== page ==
Compass image of nebula NGC 7027 and NGC 6302. Image credit: Hubblesite
It is believed that stars and planets in the universe originate from the gas and dusty molecular clouds in space by the process of gravitational collapse.
Energy production at the star is similar to that of the nuclear fusion reactor. At the core of main-sequence stars, Hydrogen fusion - a nuclear fusion of four protons to form a Helium-4 nucleus, takes place and the enormous energy is generated. During the process of fusion, heavier elements up to iron will be formed.
Brief Evolution of a Star
The entire process of the evolution of star will take a few billion years.
Once the fuel (Hydrogen) ended, then the star gradually starts to die and eventually fades out. First, the star will contract due to gravity and the resulted imbalance in hydrostatic equilibrium in it. Though Hydrogen at the core has been depleted, some hydrogen fusion still occurs in its upper layers. As the core contracts, it heats up, so the upper layers also heat up and start to expand. This heating and expanding phenomenon increase the radius of the star and the star becomes a red giant. Now at some point, the core will become hot enough to cause the Helium to fuse into carbon, and eventually, Helium will also deplete. When the helium fuel runs out, the core will expand and cool. Now the upper layer of the star will expand and eject material (stellar material) that will collect around the dying star to form a planetary nebula. These are called the planetary nebula because initially in the 18th century these objects were described as planet-like objects. At last, the core of the dying star will cool into a white dwarf and then eventually into a theoretical stellar remnant black dwarf.
Though a typical star will die through the above mention process, the evolution stages entirely depend on the initial mass of the star. It is expected that the Sun will form a planetary nebula at the end of its life cycle.
Earlier in May 2020, astronomers witnessed a star system being born. Though the observation appeared as previously predicted model of the star formation, the observation was utterly a surprising scene and now a team of astronomers using Hubble Space Telescope witnessed a violent death of the star (planetary nebula stage - a stage in the evolution of star).
The research paper describing the study details was published in the journal Galaxies on June 15, 2020.
The team presented a detailed image and a study of two planetary nebulae, NGC 7027 and NGC 6302 (also called the Butterfly Nebula, Bug Nebula) that will be a key source for understanding the process of evolution of stars and also bizarre planetary nebula shaping processes.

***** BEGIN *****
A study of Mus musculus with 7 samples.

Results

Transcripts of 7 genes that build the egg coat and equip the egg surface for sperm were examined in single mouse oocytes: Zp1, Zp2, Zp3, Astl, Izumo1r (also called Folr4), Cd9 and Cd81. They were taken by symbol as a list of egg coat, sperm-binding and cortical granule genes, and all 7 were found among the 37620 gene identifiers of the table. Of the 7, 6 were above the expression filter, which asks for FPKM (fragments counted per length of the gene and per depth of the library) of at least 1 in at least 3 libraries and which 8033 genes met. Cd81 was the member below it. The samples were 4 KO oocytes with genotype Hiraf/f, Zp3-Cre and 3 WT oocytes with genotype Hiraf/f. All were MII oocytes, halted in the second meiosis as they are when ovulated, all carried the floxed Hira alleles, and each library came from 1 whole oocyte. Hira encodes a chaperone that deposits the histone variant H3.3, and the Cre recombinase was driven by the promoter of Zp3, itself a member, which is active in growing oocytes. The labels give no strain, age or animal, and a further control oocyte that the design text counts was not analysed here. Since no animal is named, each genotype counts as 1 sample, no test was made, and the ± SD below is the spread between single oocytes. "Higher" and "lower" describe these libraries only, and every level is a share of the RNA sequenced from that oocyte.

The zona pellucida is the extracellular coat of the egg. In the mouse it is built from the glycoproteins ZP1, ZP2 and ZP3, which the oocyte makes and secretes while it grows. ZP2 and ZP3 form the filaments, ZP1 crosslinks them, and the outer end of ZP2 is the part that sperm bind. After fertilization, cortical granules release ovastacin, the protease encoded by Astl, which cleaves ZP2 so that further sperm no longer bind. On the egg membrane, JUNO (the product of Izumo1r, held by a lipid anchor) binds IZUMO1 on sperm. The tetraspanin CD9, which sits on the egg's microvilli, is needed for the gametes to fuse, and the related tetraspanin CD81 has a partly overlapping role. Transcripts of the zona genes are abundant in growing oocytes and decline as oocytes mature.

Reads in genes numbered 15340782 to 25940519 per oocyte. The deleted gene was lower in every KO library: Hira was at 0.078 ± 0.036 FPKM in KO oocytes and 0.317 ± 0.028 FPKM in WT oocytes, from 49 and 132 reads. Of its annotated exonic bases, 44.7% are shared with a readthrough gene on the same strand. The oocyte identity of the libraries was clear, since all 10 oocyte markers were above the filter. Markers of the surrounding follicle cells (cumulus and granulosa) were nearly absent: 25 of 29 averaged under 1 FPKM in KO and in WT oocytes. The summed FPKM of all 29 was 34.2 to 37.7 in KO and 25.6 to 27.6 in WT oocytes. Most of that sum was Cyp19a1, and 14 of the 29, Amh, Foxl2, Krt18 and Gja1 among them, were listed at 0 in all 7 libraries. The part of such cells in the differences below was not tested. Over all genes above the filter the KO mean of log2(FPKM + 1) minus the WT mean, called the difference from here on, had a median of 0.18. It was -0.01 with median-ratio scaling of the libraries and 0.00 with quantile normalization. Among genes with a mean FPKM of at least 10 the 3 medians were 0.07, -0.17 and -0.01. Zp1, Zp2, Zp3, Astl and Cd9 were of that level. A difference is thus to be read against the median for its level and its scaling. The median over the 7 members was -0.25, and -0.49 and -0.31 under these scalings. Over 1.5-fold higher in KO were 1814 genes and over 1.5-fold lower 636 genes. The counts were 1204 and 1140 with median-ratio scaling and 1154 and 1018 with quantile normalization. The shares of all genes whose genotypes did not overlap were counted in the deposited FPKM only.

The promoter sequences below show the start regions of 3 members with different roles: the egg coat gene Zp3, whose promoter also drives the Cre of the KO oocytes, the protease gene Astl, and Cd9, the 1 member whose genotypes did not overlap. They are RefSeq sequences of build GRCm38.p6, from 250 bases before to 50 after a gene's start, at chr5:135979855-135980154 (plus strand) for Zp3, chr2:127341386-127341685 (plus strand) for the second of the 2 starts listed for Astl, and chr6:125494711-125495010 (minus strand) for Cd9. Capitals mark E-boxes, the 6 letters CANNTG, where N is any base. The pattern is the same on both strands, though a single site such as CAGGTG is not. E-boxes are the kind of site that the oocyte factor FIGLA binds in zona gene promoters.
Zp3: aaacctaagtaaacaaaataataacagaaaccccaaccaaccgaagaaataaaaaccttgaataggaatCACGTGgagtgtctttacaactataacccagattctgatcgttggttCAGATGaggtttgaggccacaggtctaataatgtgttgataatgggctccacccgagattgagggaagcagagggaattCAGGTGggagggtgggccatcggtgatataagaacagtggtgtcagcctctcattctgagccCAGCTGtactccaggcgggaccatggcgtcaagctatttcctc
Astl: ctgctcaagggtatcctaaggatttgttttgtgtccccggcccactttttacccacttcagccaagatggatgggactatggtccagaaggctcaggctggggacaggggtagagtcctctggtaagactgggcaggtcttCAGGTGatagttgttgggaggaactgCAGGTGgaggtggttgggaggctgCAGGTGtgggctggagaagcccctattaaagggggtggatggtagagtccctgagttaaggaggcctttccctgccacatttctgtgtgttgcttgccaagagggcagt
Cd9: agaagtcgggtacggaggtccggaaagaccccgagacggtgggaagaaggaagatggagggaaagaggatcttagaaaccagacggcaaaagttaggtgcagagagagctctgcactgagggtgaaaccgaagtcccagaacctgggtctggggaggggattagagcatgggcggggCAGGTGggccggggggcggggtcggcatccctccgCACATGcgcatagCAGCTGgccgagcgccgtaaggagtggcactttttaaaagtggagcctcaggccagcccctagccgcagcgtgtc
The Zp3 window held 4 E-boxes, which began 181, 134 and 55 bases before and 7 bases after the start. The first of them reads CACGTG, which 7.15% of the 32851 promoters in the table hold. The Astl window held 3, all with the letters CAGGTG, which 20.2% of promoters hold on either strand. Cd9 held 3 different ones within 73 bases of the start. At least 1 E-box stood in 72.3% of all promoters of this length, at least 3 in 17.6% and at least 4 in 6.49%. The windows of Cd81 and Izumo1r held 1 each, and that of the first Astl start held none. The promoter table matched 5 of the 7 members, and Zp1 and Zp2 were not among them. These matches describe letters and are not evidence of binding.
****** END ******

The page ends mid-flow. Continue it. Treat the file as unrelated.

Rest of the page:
This is the first time both nebulas have been studied from near-ultraviolet to near-infrared light, a complex, multi-wavelength view only possible with Hubble.
Hubble telescope is a space-based telescope that is fitted with a 94.5 inches (2.4 m) diameter Aluminum-coated glass mirror and is able to observe a near-ultraviolet, visible and near-infrared spectrum of the electromagnetic spectrum. Note that this does not mean that Hubble can see all three spectrums at once; it can only see each kind of light one at a time.
Joel Kastner of Rochester Institute of Technology, Rochester, New York, leader of the new study said, "When I looked in the Hubble archive and realized no one had observed these nebulas with Hubble's Wide Field Camera 3 across its full wavelength range, I was floored. These new multi-wavelength Hubble observations provide the most comprehensive view to date of both of these spectacular nebulas. As I was downloading the resulting images, I felt like a kid in a candy store."
The team found two S-shaped streams (wings of a butterfly) in the nebula NGC 6302 and this indicates that its most recent ejections may be the result of two stars interacting at the nebula's core. The so-called "wings" like the structure of NGC 6302 are regions of gas heated to more than 36,000 degrees Fahrenheit that is spreading across space at more than 600,000 miles an hour.
Kastner explained, the S-shape in the iron emission from the Butterfly Nebula is a real eye-opener and this S-shape directly traces the most recent ejections from the central region of NGC 6302.
Similarly, a new cloverleaf with bullets of material shooting out in specific directions has been seen in the case of NGC 7027 and this also buttresses the interactions of two central stars. The appearance resembling a colorful jewel bug of NGC 7027 may be the result of ejections by closely orbiting binary stars.
Kastner said, “The nebula NGC 7027 shows emission at an incredibly large number of different wavelengths, each of which highlights not only a specific chemical element in the nebula but also the significant, ongoing changes in its structure.”
Scientists believe that the star or stars at its center are responsible for the nebula’s appearance.
The team suspects that both at the hearts of both nebulas are/were two stars incircling around each other and ejecting the stellar material at last.
Bruce Balick of the University of Washington in Seattle said, "The suspected companion stars in NGC 6302 and NGC 7027 haven't been directly detected because they are next to, or perhaps have already been swallowed by, larger red giant stars, a type of star that is hundreds to thousands of times brighter than the Sun.”
The new, high-resolution images have enabled astronomers to study the shocks generated by periodic stellar winds slamming into the slower-moving dense clouds.